Wednesday 12 April marks the start of the 2017 UCI Track Cycling World Championships in Hong Kong, ushering in the next generation of cyclists all with their hopes firmly pinned on Tokyo 2020.
While some of their senior colleagues take a break from the world stage, the rising stars of the Great Britain Cycling Team Olympic Podium Programme and Senior Academy will be doing their best to make their mark.
Ellie Dickinson is the youngest member of the Great Britain Cycling Team squad out in Hong Kong and, at just 18 years old, she will be making her senior world championships debut in not only the team pursuit but also the individual pursuit, alongside three-time European champion, Katie Archibald.
“I am the youngest by quite a long way,” said Dickinson.
“They all look out for me - I do get nervous and it is massive jump for me (to compete at this level) but everyone’s very supportive but I think I can hold my own!
“I’m most looking forward to the experience of riding with the other girls and putting my Great Britain kit on and getting stuck in.”
The Senior Academy rider described her meteoric rise to her first senior world championships as a jump and said that since joining the senior programme she has found her training to have gained a lot more structure and her schedule become more disciplined.
“We’re always talking about the next four years and what we’re planning to do; we’re always learning and progressing.
“It’s a lot to take on and there have been a lot of highs and lows already but I’m looking forward to the worlds.”
Ryan Owens was taken as a reserve to Rio, before he had ever been selected for a senior world championships, such was the potential after just nine months on the programme.
Now 21, Owens will ride man two in the team sprint, the position usually filled by six-time Olympic gold medallist Jason Kenny, and will also line up in the men’s sprint competition, after winning the national title for the first time in January.
Owens described how the 2016 Under-23 UEC Track European Championships were the starting point for his successful season.
“That was the first thing we won as a team and it was a big shock, we thought we may get a podium in the first year but that just blew it out of the water,” he said.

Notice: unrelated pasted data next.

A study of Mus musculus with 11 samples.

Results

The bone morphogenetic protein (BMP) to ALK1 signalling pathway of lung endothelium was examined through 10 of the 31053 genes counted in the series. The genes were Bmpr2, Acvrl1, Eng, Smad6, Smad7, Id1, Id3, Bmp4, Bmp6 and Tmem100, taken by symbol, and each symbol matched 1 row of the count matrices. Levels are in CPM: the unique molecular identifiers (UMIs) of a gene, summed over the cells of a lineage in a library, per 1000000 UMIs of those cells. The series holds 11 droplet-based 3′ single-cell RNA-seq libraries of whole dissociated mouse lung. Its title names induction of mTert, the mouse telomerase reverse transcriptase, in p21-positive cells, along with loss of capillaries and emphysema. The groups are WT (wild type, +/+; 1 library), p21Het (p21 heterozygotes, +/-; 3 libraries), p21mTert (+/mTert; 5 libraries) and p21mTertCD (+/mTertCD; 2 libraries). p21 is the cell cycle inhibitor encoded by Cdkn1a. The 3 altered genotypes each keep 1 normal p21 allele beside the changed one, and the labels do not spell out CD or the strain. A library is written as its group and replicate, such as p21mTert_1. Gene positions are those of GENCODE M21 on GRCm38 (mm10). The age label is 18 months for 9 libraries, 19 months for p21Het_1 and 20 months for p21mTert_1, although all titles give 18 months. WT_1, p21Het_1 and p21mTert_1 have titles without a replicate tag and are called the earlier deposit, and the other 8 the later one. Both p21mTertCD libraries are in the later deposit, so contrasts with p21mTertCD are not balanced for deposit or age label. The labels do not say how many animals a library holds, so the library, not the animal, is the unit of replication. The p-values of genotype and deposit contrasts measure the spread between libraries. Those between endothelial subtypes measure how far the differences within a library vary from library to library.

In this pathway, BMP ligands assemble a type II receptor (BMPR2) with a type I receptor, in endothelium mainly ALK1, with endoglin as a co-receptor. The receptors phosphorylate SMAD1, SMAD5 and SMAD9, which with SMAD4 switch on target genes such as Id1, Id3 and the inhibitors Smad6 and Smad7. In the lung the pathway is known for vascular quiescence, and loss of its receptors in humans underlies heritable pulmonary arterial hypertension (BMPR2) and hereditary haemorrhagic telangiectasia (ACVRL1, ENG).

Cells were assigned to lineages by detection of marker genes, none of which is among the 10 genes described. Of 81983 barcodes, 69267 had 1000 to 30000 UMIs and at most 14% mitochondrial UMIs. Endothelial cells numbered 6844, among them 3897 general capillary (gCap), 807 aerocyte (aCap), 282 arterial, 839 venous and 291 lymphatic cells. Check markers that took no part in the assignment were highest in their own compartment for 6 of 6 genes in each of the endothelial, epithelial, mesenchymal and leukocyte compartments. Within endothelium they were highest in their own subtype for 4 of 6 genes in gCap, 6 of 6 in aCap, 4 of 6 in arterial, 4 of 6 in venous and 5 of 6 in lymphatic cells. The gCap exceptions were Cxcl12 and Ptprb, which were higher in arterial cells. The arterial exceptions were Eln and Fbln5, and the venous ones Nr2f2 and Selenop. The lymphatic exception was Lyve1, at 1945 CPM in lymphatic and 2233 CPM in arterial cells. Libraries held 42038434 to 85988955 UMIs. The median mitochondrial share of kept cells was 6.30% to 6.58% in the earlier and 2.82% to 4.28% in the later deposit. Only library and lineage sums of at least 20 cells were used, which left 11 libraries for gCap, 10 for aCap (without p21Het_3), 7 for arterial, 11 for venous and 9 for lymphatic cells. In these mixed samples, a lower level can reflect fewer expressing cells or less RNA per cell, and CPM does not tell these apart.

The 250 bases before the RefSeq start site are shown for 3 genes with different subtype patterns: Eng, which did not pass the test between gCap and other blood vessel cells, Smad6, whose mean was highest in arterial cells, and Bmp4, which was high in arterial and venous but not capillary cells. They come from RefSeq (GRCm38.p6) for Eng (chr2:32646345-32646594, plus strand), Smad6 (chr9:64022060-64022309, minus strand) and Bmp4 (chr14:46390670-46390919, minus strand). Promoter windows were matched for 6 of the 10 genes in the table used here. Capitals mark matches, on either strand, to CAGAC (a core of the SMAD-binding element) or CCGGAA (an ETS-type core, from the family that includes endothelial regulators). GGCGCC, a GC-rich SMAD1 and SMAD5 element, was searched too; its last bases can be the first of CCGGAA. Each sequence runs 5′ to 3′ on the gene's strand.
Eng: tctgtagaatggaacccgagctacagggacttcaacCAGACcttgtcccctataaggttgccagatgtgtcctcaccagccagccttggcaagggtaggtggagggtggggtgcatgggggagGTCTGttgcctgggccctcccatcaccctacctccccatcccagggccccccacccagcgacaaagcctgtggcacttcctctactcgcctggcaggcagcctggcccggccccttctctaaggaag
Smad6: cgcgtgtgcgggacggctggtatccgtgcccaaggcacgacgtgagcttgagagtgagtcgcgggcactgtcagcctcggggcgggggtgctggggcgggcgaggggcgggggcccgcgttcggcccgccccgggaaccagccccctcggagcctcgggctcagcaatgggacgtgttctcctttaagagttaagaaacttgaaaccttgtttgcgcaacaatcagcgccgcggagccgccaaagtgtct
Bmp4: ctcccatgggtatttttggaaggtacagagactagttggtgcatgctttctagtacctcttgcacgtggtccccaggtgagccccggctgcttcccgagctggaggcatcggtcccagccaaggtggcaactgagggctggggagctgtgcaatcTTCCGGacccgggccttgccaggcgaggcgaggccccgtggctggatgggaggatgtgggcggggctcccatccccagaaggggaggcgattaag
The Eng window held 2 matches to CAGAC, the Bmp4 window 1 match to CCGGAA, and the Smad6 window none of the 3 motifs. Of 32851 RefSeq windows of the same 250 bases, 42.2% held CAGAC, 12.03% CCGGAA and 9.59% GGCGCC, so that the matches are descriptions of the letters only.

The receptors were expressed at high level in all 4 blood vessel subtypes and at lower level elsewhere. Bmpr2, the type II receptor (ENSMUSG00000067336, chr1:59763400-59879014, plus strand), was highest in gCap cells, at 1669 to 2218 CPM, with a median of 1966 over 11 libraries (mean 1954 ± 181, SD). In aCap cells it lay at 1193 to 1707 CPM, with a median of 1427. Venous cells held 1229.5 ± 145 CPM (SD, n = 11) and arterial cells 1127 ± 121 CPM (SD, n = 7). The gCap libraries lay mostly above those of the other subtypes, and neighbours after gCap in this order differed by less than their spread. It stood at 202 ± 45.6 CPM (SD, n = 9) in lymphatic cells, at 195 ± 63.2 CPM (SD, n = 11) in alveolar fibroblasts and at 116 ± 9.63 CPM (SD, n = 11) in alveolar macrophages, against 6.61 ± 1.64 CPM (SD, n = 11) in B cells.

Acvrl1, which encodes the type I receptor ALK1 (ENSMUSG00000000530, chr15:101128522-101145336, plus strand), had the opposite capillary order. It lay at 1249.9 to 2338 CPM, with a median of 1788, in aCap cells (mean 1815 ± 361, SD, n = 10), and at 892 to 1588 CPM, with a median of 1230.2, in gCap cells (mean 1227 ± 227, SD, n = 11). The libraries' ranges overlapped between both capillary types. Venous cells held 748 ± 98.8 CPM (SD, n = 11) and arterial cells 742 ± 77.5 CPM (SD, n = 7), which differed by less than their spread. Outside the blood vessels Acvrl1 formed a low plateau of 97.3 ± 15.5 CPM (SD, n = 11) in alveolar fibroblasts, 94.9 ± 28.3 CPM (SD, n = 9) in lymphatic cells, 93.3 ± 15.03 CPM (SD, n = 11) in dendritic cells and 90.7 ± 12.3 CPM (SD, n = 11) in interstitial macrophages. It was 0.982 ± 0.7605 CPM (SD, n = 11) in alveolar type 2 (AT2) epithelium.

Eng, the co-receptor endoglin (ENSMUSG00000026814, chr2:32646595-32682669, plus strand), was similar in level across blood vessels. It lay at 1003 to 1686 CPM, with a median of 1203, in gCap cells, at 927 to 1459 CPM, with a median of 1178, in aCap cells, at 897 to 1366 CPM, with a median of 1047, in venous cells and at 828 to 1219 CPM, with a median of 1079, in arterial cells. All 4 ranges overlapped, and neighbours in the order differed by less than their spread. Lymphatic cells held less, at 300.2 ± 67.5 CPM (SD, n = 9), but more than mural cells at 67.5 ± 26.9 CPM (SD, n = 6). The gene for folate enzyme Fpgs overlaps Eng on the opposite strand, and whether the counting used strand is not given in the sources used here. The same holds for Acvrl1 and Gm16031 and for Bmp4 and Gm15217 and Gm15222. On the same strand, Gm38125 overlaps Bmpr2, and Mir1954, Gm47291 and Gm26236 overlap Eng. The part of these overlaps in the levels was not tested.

“The European championships and the world cups were on another level again because that was at senior level and we are 19, 20 and 21 and we won and we’re not supposed to be winning at that level yet!
“This year has just made me so keen to keep progressing and see where it takes me.”
He also described the bittersweet experience of going to an Olympic Games but not getting to race.
“Rio was an experience; I got to see the true pinnacle of where it all goes to and that’s held me in good spirits even though I didn’t get to perform when I got there.
“It’s spurred me on for the next four year - I want to be on the start line next time.”
Owens added that selection for the world championships has meant a lot to him after watching his teammates win Olympic gold from the stands.
“It’s my first time at the worlds but it’s not that ‘anythings a bonus’ - I want to go to win, or to at least get on the podium.
“It would be pretty special if we came away with a medal; we’ve won two world cups so we’ve got a little bit of backing but this is another step up because a lot of the guys who had taken some time out after the Olympics are starting to come back into the other teams.
“Hopefully we’re going to be competitive with them now and find ourselves at another level still.”
Mark Stewart moved up to the Olympic Podium Programme this year and rode strongly at his first senior European championships in October, as a member of a youthful new line-up for the men’s team pursuit.
Stewart will hope to make the team in Hong Kong too, but will also be racing the points race and Madison; a clear sign that the coaching team want to see what he is capable of.
“I think in the condition that I’m in at the minute, I’ve never felt better than this, so I’ll definitely be going in there trying to get on the podium, there’s no reason not to try,” said Stewart.
“I’ll be doing the team pursuit, Madison and the points race, so there’s three good opportunities - I’ll be doing the Madison with Ollie and he’s flying at the moment so we’re definitely going for the podium there.
“In the team pursuit we’ve got six strong guys, so I definitely think we can challenge for a podium, if not a win.”
The young Scot is no stranger to disappointment on the world stage, having finished an agonising fourth, after being in the mix for the medals in the points race at the Glasgow world cup in November.
“Sometimes it’s not easy to move on from a bad result, especially when it’s just you and your own thoughts,” he said.
“Not a lot of people speak about it, but I think a lot of athletes need to deal with that stuff - you need people, good coaches around you, support staff to remind you that it’s a journey and a process.
“If you give 100% in training and you’re eating right and sleeping right, and you know that you’re giving everything, then you almost can’t rely on a result, you’ve just got to give all you can and see what happens.”
To see what does happen for these three young riders this week, stay tuned to our live blog, which will be covering all of the action, with updates, images and exclusive videos.